Tuesday, September 28, 2010

Gun, Girl, God

From the upcoming edition of The Catholic Key, Santiago Ramos reviews The American:

Gun, Girl, God

By Santiago Ramos

The American
DIR Anton Corbijn
SCR Rowan Joffe, from a novel by Martin Booth
Starring George Clooney, Irina Björklund, Paolo Bonacelli, Violante Placido

Minimalism, as a stylistic choice, doesn’t minimize the moral ambiguities within a story. It merely makes it easier for us to recognize the story’s most important ambiguity. In the case of the new spy movie, The American—which is minimalistically constructed around close-up shots of George Clooney’s gloomy visage, as well as a bare-bones plot—the central ambiguity has to do with one question: Am I fighting for the right side?

The answer wavers between, “No” and “We can’t know,” and saying that gives nothing of the plot away. We start with two sides, but the bad guys are…Swedes. Yes, Swedes. The logical dissonance which that inspires is by itself almost enough to establish the central moral ambiguity of the plot. (“How can Swedes be bad?”) But even so, the Swedes are relatively unimportant. Clooney’s character, the alienated, very quiet secret agent “Jack,” will eventually find out that his true enemy is one, negative force: the force which keeps him from living and from loving. How to do the latter he discovers when he meets a sensitive and clever prostitute, Clara, played by the beautiful Italian actress Violante Placido.

I don’t know whether director Anton Corbijn had in mind Jean-Luc Godard’s famous dictum, that “All you need for a movie is a gun and a girl.” But he has proved it. The central dilemma for Jack is that he has been asked by his superiors to collect parts for, and assemble, a sniper rifle to be used in an assassination plot about which he apparently knows very little, and we know nothing at all (“I suppose I will hear about it in the Herald,” he says, with slight disgust—the Herald in this scene playing the same semiotic role as the Swedes: a signifier without conspicuous connotations). He has also been asked to relocate to Castelvecchio, a town in the Abbruzzo region of south central Italy, where he meets Clara.

Clara is a splash of water on hard clay. Softening Jack up, she begins to mold him into something closely related to a human being. The more human that Jack becomes, the more he becomes aware of the central ambiguity at the center of his life—and of the film. Yet he still has to build that rifle. Clara, meanwhile, remains lustily by his side: her naked bosom always returns, as if with the tides, like the gentle lapping of a wave along the shoreline. Two times too often, in fact, because at some point what is gentle becomes jarring, and then annoying, in a movie that wants to be a film.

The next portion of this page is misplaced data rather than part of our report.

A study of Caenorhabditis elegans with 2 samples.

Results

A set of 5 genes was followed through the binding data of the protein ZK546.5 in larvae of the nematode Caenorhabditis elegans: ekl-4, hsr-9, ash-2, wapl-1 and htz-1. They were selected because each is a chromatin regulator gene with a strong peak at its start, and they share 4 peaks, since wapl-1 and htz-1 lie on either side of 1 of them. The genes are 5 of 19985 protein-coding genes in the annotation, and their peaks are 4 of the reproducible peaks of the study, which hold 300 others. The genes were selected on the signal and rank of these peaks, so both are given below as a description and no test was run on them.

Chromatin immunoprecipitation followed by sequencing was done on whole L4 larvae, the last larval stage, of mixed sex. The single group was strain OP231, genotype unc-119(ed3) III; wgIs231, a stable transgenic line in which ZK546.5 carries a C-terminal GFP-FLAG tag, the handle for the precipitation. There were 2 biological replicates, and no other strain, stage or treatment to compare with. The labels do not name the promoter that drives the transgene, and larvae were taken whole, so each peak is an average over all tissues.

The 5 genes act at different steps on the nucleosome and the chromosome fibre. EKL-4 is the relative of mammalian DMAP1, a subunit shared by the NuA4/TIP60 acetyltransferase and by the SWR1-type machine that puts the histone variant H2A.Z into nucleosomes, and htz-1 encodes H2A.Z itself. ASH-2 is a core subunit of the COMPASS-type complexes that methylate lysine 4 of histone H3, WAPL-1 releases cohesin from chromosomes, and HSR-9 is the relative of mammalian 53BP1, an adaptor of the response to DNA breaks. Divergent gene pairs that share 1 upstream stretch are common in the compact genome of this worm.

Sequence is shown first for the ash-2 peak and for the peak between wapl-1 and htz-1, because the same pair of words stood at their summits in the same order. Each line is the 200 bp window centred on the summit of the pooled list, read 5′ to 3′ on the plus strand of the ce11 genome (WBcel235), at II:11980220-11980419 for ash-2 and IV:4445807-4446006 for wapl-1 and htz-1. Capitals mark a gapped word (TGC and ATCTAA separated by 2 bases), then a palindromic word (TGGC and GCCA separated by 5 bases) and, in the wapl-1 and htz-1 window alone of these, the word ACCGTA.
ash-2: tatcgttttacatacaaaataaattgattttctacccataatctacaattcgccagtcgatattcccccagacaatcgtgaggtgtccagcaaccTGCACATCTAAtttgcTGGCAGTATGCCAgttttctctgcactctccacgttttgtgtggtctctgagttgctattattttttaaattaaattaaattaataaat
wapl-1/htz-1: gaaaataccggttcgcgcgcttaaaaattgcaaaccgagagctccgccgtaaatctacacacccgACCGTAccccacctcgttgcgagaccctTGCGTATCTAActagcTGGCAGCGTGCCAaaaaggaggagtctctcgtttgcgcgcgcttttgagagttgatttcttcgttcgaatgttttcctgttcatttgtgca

But not as jarring as Corbijn’s use of spy flick conventions. In a movie that tries to pare everything down to bare essentials, the question must be asked: are these conventions essential? If they are, could they be used in a more interesting way than simply…using them? Example one: It is midnight, and on a long, dimly-lit, winding, narrow street, we hear footsteps—the Swede is coming! Example two: Morning, Jack stretches across his bed to snoop through Clara’s purse, while she is in the shower. I last saw that in The Good Shepherd. Perhaps it is unfair to criticize a spy flick for using spy flick conventions. But it seems perhaps contradictory that a movie which is so confident in its own profundity would depend so much on sensation and on prefabricated scenes.

But neither of these faults successfully distract from the profundities that the movie tries to express. The American is an argument in favor of adding a third g to Godard’s recipe: gun, girl, and a god, of some sort. All you need for a movie is a gun and a girl, but also a god who has a high enough probability of actually existing that he gives everything a slight feeling of ultimate significance. The role of god-spokesman and prophet is played quite well by Paolo Bonacelli, whose character, Father Benedetto, is the first local to take interest in the wandering American “tourist.” Very quickly, he sees through Jack’s alibi of being a magazine photographer, though the script is written with elegant subtlety on this point: Jack never makes an explicit confession to the priest. The priest can see all of his sins, and eventually, Jack learns about the priest’s own turbid past, but they both speak indirectly to each other, shielding their shame and hurt.

It’s hard to know, then, what to make of The American. I feel equal parts emotionally manipulated and intellectually provoked. The movie’s operatic climax hinges on a concrete decision that Jack has to make. Yet I almost forgot my seriousness in the scenes leading up to it. Regardless, Anton Corbijn is a deft stylist, and I will certainly be watching his next (which would be only his third) feature film.

Santiago Ramos has written for First Things, Commonweal, Image Journal, Traces, and the Kansas City weekly, The Pitch. He is currently pursuing graduate studies in Boston College.